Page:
Did you build a fort when you were a kid?
Years before my father built my playhouse, even a few years before he built the bomb shelter in our basement, I was constructing my own forts out of sheets. They sprouted in our living room, my bedroom, and in the neighbor’s basement.
I would drag chairs and small tables close enough to heavy furniture that sheets could be draped from one object to another to create walls and a ceiling.
In the best interests of my book I actually built myself a fort yesterday. I covered the kitchen table and chairs with sheets and crept inside with a pillow and diet Coke. What I learned is that two of my cats were curious and came inside with me, but decided to leave right away, and two of them skedaddled in terror. And I learned that my knees aren’t doing so hot.
In the days when I didn’t have those issues, my mother’s laundry provided the ability to make forts. Her hinged type clothespins held the sheets to the furniture.
In my mother’s canvas clothespin bag, the majority of the pins were the standard version, and I had to really hunt to find enough of the hinged sort.
In those days my mother had a clothesline in our backyard, and in the summer she hung our sheets and certain articles of clothing with these pins. A few years later, she switched to a wheel-shaped pole unit from a simple clothesline. This was the new style, and my mother was upgrading for the sixties. A few years later, we moved to our final house, and my mother said she wouldn’t put up a clothesline because it was tacky.
As I worked with the sheets, they billowed up with a whoosh and, if it was summer, the outdoor scent blew off the fabric. In the winter they smelled musty from the tightly packed narrow linen closet. When I got my sheets all clipped to the furniture, I had a tent which sometimes was just one “room,” or if I was lucky enough to get hold of more sheets and had a friend to help me, might be a multi-roomed tent.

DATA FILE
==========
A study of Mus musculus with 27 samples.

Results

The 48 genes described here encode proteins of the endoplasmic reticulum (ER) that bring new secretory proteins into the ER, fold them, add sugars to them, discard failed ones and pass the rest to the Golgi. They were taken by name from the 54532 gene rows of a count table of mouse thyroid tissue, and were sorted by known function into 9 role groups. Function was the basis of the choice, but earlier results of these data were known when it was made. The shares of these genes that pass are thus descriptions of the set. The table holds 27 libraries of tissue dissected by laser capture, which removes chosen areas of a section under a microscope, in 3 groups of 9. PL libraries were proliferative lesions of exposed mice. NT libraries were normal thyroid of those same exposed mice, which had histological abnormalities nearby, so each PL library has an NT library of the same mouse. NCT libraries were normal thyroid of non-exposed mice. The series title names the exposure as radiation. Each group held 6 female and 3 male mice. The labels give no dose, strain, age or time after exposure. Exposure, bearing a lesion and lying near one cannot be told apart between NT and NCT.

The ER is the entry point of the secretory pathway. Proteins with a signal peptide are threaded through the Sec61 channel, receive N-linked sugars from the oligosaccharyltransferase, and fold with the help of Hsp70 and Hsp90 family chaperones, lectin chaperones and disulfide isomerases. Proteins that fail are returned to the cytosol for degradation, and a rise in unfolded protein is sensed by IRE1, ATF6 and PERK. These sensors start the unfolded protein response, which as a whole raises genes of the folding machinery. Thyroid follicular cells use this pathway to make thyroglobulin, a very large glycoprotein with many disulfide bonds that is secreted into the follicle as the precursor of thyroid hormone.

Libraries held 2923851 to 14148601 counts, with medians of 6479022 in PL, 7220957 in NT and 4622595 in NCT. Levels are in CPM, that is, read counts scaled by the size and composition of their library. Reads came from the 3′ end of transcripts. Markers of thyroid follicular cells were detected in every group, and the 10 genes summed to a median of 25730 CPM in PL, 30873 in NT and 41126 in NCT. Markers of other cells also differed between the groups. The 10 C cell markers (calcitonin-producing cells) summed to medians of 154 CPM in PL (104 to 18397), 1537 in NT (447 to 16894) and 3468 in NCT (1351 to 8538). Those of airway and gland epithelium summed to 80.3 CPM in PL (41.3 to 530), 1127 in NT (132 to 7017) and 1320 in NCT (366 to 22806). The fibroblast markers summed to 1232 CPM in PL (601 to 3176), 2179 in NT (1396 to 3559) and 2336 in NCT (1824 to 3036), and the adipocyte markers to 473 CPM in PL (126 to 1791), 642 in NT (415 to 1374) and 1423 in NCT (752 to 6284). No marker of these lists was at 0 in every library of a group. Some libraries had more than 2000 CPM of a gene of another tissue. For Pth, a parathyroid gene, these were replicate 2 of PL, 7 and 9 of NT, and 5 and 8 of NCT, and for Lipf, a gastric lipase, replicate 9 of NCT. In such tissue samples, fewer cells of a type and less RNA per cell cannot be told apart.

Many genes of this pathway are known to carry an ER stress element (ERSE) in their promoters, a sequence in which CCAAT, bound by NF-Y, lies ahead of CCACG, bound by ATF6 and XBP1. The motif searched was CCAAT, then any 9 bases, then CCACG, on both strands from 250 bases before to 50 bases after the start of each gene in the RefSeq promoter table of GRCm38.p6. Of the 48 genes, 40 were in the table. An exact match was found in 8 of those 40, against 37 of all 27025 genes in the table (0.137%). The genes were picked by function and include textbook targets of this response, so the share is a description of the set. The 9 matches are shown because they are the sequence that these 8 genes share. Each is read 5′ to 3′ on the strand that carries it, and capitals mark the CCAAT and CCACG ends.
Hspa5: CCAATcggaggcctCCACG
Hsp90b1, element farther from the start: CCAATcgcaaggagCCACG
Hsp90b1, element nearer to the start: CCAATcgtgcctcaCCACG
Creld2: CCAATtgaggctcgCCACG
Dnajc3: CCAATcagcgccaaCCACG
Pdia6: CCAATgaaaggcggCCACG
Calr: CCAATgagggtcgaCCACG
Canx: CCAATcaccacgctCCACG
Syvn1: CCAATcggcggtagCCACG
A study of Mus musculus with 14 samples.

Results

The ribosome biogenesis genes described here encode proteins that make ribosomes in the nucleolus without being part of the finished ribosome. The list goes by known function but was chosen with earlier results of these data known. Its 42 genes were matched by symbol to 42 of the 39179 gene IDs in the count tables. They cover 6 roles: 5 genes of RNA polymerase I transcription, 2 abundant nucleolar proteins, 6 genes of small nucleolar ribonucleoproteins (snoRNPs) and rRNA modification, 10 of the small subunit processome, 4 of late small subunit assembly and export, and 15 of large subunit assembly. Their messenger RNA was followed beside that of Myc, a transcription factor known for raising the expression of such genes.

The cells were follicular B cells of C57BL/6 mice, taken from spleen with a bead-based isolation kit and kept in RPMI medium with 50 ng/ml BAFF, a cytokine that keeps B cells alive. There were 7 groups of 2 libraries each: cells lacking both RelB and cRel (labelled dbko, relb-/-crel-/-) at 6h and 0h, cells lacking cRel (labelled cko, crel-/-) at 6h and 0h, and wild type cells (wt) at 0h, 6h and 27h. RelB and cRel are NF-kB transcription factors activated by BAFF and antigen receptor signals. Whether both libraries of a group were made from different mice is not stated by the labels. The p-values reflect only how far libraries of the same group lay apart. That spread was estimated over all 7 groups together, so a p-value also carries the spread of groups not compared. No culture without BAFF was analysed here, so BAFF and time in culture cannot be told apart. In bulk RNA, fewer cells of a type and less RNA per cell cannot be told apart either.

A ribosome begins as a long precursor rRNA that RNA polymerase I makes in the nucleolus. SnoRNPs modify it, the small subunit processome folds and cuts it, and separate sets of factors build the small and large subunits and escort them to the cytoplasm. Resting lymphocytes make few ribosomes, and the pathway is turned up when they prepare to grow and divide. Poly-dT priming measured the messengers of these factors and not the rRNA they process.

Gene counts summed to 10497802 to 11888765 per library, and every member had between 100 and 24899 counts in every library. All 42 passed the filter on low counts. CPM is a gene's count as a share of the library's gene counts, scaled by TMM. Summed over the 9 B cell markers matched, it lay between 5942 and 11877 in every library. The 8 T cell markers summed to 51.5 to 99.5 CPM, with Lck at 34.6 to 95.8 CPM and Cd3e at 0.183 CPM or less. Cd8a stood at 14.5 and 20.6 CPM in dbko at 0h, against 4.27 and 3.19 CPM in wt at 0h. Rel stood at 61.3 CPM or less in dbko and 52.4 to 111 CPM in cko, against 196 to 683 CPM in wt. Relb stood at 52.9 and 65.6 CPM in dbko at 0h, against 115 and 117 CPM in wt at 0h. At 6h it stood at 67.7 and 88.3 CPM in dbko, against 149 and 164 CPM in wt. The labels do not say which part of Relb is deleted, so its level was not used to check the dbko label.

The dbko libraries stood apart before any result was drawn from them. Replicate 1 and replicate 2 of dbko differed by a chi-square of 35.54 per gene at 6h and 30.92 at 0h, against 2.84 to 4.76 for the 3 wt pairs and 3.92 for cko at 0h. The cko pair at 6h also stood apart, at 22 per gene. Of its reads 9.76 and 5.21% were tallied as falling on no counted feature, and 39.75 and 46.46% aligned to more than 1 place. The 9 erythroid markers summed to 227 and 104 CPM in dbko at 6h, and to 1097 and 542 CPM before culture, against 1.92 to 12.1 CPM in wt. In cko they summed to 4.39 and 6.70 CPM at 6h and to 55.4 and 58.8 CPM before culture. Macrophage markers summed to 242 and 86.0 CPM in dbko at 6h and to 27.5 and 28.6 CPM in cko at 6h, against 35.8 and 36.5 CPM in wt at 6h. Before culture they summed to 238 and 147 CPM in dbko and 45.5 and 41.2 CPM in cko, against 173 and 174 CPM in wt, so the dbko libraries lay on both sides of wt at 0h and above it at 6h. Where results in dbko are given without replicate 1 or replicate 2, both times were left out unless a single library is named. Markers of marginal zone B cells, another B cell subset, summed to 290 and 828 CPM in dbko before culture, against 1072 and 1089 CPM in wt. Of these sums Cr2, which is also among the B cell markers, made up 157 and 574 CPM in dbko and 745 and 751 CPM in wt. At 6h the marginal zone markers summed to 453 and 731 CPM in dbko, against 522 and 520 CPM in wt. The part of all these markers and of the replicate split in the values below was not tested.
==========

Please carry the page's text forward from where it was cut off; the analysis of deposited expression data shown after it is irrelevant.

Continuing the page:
Children have very little privacy. Having my own fort gave me the illusion of privacy, even if it was only to lie in there and sigh at the light filtering in through the thin percale or snicker at the muffled sound of my mother yakking on the telephone in the next room. A special treat was if my mother let me eat my grilled cheese sandwich and carrot sticks inside the tent.
It might be that children’s forts make children feel safe because they provide a feeling of control. The child cannot be seen by others, but she can peek out at will–even spy.
When I was older, at least ten, we built a fort in the empty field behind our house. The field had natural hillocks and valleys, and my friends and I chose the deepest indentation and dug it out deeper. This took hours of callous-building work with Dad’s army shovel. Then we collected scraps of old wood from the city dump on the other side of the field and fashioned a crude cover for the opening. We left a narrow space to peek one head above the surface, as if we had a human periscope.
Apparently children are still making forts out of their environment. The other day a friend ran into a charming fort on her walk through the woods.